Nanotechnology

A new ‘designer’ titanium alloy is made using 3D printing


(Nanowerk News) A research team has created a new class of titanium alloy that is strong and not brittle under tension, by integrating alloy and 3D printing process design.

Breakthrough, published in Natural (“Strong and ductile titanium-oxygen-iron alloy with additive manufacturing”), can help broaden the applications of titanium alloys, improve sustainability, and drive innovative alloy designs.

Their findings hold promise for a new class of high-performance titanium alloys that are more sustainable for applications in aerospace, biomedical, chemical engineering, aerospace and energy technology.

RMIT University and the University of Sydney are leading the innovation, working with Hong Kong Polytechnic University and Melbourne company Hexagon Manufacturing Intelligence.

Lead researcher Professor Ma Qian of RMIT said the team instilled circular economy thinking into their design, creating great promise for producing their new titanium alloy from industrial waste and low-grade materials.

“Reusing waste and low quality materials has the potential to add economic value and reduce the high carbon footprint of the titanium industry,” said Qian of RMIT’s Center for Additive Manufacturing in the School of Engineering.

What kind of titanium alloy does the team make?

The team’s titanium alloy is composed of a mixture of two crystalline forms of titanium, called the alpha-titanium phase and the beta-titanium phase, each corresponding to a specific atomic arrangement.

This alloy class has become the backbone of the titanium industry. Since 1954, this alloy has been produced mainly by adding aluminum and vanadium to titanium.

The research team investigated the use of oxygen and iron – the two most powerful stabilizers and enhancers of the alpha and beta-titanium phases – which are abundant and inexpensive.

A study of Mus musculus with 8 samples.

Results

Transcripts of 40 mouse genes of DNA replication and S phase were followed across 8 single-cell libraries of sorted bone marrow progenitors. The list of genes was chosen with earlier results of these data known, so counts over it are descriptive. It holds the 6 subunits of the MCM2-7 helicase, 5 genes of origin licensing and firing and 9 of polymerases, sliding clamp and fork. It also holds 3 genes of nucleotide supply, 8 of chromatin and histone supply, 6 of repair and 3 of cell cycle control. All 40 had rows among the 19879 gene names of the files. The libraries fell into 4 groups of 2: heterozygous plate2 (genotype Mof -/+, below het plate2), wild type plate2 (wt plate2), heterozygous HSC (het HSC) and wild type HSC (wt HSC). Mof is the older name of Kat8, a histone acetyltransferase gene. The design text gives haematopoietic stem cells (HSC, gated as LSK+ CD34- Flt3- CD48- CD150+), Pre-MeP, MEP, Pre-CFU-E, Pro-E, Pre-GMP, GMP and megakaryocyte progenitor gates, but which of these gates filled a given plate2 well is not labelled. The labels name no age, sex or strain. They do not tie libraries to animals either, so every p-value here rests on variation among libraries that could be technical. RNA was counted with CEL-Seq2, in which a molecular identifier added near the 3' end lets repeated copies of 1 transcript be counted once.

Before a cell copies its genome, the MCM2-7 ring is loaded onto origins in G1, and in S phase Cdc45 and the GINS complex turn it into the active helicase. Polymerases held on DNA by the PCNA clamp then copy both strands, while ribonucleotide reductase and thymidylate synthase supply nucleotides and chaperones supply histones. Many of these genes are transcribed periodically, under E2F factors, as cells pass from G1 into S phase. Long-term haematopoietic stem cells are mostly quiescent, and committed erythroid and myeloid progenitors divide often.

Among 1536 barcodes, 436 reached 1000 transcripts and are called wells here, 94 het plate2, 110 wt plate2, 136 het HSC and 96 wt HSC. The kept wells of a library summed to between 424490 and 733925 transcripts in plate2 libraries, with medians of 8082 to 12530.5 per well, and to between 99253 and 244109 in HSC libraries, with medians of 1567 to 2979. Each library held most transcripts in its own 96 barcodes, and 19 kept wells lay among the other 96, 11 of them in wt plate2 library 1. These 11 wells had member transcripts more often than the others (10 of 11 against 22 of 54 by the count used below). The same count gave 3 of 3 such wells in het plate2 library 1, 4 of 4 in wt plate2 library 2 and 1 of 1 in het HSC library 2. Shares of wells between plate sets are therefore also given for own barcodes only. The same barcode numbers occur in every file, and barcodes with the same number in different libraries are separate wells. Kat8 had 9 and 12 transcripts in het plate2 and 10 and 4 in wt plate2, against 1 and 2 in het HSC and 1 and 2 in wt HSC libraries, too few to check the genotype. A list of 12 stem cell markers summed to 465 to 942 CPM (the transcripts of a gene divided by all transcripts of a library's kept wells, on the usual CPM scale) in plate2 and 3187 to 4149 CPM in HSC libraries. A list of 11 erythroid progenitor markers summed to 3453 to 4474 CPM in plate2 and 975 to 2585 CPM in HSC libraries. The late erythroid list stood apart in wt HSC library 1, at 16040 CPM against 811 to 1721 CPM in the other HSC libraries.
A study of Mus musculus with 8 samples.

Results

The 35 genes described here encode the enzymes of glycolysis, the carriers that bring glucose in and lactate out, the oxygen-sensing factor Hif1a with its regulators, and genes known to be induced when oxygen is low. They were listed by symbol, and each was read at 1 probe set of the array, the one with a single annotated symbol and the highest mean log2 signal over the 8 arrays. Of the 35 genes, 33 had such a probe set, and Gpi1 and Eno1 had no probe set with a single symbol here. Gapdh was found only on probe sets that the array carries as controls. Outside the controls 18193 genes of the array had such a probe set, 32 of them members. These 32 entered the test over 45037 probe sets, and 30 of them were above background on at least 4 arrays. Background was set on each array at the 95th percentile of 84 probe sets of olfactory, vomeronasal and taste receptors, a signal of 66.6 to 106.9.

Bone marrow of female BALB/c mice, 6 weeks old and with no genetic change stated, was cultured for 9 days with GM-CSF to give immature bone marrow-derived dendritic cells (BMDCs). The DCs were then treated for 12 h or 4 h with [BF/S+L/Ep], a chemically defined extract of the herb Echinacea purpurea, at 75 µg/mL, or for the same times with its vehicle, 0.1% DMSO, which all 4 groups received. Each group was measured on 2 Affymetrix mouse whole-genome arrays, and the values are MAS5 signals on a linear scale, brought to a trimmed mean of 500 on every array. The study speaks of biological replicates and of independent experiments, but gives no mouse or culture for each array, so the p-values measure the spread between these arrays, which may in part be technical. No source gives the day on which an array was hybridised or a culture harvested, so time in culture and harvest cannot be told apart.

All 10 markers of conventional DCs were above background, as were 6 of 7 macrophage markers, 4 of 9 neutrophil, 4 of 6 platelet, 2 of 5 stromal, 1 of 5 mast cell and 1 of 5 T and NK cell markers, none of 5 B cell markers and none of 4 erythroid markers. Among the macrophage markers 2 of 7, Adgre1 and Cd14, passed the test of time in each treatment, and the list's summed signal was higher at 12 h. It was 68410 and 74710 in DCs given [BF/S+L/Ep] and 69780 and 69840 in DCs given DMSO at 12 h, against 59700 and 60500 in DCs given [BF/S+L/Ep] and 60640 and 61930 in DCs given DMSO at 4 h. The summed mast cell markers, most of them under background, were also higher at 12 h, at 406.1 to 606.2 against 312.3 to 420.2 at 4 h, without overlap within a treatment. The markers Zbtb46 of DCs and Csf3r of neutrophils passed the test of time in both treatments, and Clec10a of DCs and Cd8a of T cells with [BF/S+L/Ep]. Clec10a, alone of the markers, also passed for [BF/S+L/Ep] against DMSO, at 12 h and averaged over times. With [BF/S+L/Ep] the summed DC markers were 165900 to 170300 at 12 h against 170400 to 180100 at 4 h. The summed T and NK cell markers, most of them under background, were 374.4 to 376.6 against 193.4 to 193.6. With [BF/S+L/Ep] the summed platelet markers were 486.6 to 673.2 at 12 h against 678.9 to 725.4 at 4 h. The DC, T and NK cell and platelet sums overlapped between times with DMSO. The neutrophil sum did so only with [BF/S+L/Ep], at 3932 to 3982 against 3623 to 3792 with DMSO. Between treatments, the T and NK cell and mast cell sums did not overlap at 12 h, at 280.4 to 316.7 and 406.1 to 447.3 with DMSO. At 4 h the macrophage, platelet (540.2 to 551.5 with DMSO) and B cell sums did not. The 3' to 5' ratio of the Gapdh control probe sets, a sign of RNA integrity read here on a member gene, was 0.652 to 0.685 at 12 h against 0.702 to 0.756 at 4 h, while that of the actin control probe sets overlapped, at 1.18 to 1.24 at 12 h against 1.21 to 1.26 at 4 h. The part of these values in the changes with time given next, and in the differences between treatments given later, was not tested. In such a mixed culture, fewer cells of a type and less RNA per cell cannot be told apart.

Two challenges have hindered the development of strong and ductile alpha-beta titanium-oxygen-iron alloys through conventional manufacturing processes, Qian said.

“One of the challenges is that oxygen – colloquially known as ‘kryptonite to titanium’ – can make titanium brittle, and another is that adding iron can cause serious defects in the form of large patches of beta-titanium.”

The team used Laser Directed Energy Deposition (L-DED), a 3D printing process suitable for making large, complex parts, to print the alloy from metal powder.

“The main driver for us is the combination of our alloy design concept with 3D printing process design, which has identified a series of alloys that are strong, ductile and easy to print,” said Qian.

The attractive properties of this new alloy that can rival commercial alloys are associated with its microstructure, said the team.

“This research provides a novel titanium alloy system capable of broad and tunable mechanical properties, high manufacturability, great potential for emission reductions and insights for material design in such systems,” said one of the principal investigators at the University of Sydney Pro-Vice-Chancellor. Professor Simon Ringer.

“An important driver is the unique distribution of oxygen and iron atoms within and between the alpha-titanium and beta-titanium phases.

“We have engineered a nanoscale gradient of oxygen in the alpha-titanium phase, featuring strong high-oxygen segments, and ductile low-oxygen segments allowing us to exercise control over local atomic bonding thereby reducing the potential for brittleness.”

What are the potential applications of the research findings?

Lead author Dr Tingting Song, RMIT Vice-Chancellor Research Fellow, said the team is “at the start of a big journey, from our new proof of concept here, to industrial applications”.

“There is reason to be excited – 3D printing offers a fundamentally different way of creating new alloys and has distinct advantages over traditional approaches,” he said.

“There is a potential opportunity for the industry to reuse waste spongy titanium-oxygen-iron alloys, recycled ‘off-spec’ high-oxygen titanium powder, or titanium powder made from spent high-oxygen titanium using our approach.”

Co-author Dr Zibin Chen, who joined Hong Kong Polytechnic University from the University of Sydney in the final stages of the collaboration, said the research had wider implications.

“Oxygen embrittlement is a major metallurgical challenge not only for titanium, but also for other important metals such as zirconium, niobium and molybdenum and their alloys,” he said.

“Our work can provide a template for reducing this oxygen embrittlement problem through 3D printing and microstructural design.”